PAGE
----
Amid scorched walls and boarded windows, Takoma Park's residents began putting their homes back in order yesterday in the aftermath of Thursday's freak gasoline explosions that damaged 13 houses and forced the temporary evacuation of more than 2,000 residents.

"I didn't know where to go at first, I got the shakes," Doris Bomyea said as she folded a soggy rug outside the splintered door of her basement apartment on Westmoreland Street and prepared to move into a smaller apartment nearby.

Like many in the residential area, Bomyea learned about the explosions when she returned home from work on Thursday evening. Officials have no complete damage estimate, but say that some houses sustained up to $55,000 in damages. Along with many of her neighbors whose houses were damaged, Bomyea has not yet moved back into her house.

"I guess I'm accepting it," she said, resignedly. "It's happened. All you can do is accept it."

Although most undamaged homes in the area had their heat restored on Friday, a few residents still were without heat. One elderly woman who lives next to a badly burned house was keeping warm yesterday beside her fireplace.

"I've got three gas leaks, the gas people told me this morning," she explained. "They cut it off Thursday and I've got no heat, no water, no gas."

Fire officials said that the fires were caused by gasoline that accidentally had been pumped into the sewer lines instead of into an underground gasoline storage tank at Sickler Service, a plumbing and heating company located at 7071 Carroll Ave. in Takoma Park.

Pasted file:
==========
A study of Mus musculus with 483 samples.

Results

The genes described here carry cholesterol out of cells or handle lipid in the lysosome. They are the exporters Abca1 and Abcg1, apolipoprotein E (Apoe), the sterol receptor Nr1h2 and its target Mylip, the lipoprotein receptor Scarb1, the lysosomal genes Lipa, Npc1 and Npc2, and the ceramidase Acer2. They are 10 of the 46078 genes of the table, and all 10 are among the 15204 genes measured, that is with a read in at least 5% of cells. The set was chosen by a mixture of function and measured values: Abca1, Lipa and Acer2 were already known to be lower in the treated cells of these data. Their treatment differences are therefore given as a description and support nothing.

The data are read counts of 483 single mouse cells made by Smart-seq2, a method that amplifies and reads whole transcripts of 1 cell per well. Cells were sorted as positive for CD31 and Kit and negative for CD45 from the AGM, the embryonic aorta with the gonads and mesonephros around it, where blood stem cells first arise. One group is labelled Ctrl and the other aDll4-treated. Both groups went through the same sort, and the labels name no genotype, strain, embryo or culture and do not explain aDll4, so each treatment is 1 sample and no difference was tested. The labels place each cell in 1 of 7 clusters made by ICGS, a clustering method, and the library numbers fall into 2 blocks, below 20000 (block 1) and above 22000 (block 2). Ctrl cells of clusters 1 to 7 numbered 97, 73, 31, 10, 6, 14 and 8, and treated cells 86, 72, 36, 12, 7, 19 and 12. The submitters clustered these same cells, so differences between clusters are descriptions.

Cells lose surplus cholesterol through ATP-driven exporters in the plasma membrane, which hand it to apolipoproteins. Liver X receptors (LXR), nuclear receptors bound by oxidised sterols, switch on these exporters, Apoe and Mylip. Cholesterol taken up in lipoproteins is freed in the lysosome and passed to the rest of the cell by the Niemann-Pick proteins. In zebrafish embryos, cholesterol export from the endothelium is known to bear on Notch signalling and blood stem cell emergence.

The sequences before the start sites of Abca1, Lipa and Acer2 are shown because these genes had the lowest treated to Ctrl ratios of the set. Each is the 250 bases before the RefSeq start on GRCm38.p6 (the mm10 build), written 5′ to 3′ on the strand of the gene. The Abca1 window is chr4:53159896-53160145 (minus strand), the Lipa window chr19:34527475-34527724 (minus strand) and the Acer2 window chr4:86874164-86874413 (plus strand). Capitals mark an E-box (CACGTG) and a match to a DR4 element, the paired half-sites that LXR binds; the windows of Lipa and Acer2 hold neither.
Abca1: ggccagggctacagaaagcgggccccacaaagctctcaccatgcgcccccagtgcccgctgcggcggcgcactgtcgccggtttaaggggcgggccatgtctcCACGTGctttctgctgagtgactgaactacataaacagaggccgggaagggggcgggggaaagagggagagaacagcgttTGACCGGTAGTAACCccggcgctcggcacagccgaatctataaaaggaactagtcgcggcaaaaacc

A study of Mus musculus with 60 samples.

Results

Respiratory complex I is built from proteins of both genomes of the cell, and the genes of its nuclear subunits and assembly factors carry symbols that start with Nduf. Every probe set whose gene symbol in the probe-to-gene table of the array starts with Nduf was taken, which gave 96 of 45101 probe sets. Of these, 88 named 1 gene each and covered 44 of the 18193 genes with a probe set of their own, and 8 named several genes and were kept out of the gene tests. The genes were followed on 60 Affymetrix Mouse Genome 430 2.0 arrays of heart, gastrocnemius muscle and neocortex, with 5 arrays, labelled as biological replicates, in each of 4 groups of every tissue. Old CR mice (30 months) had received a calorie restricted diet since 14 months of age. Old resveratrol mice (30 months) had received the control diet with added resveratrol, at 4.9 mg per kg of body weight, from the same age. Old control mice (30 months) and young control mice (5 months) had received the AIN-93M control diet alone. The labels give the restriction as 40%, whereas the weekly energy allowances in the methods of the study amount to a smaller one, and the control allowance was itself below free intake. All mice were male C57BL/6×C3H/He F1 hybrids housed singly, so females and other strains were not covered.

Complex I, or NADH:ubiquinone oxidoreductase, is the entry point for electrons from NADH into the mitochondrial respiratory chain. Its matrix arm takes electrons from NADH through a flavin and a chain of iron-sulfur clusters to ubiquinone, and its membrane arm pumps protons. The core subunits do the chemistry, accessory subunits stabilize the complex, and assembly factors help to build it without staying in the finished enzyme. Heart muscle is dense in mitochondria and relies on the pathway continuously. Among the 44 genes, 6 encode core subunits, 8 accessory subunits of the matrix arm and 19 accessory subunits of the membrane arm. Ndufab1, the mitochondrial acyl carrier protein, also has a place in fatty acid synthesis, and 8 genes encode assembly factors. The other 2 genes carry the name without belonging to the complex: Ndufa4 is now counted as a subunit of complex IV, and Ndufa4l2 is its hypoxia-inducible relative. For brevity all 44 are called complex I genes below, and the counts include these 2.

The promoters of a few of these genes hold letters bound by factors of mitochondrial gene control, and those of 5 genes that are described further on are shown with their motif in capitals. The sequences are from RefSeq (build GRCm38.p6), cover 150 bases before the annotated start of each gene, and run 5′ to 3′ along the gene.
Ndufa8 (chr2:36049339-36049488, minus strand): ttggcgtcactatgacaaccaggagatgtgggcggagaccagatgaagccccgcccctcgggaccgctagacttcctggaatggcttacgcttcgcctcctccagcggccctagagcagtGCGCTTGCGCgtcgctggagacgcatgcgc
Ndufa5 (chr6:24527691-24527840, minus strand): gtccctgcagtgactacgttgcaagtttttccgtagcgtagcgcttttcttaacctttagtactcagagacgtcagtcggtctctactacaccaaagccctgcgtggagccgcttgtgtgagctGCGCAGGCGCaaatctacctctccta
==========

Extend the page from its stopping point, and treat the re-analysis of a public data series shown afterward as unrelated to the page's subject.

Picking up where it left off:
According to Takoma Park Fire Chief Roger McGary, the gasoline had been improperly unloaded by a Dayton Transport Co. employe.

Glenn R. Rippeon, vice president of Hahn Transportation Inc., the parent company of Dayton Transport, said that the company is investigating the incident. Rippeon declined to release the name of the driver who made the delivery, but said the company's investigation did "not reveal that he was negligent." The driver has not been suspended, Rippeon said.

Fire officials still are trying to piece together the sequence of events. Alvin Nichols, Takoma Park's city administrator, said that no criminal charges or civil suits have yet been filed. He said that he expects several government agencies, including the Environmental Protection Agency, to become involved before liability is determined.

Marjorie Johnson, a spokesman for the Washington Suburban Sanitary Commission, said the commission has the authority to file civil suit against anyone found to be responsible for malicious or negligent dumping of hazardous materials into the sewage system.

Cars drove slowly through the neighborhood's quiet streets yesterday as motorists came to stare at the charred homes. The Takoma Park community remains jittery. Firefighters rushed to the scene yesterday afternoon when a truck carrying cylinders marked "Explosive" was discovered parked unattended outside Takoma Park Elementary School. The cylinders proved to be empty, but the truck was removed as a precautionary measure.

Verna Locus was one resident who briefly visited her damaged house yesterday. She said that she and her family have lived there for five years, having scrimped for the money to buy and remodel the house.

"I did a lot of crying these last days," she said. "My husband and I had struggled so hard to get . . . up the ladder a little bit. We still have each other, thank God, but the house -- it made me sick to see."

Her neighbor, Deniz Kantor, was equally distressed.

"The first day I was shook up, and last night I didn't sleep," Kantor said. "For the first time in my life I understand how it is for people who go through wars. Most people come back from wars with strange heads -- I see that now.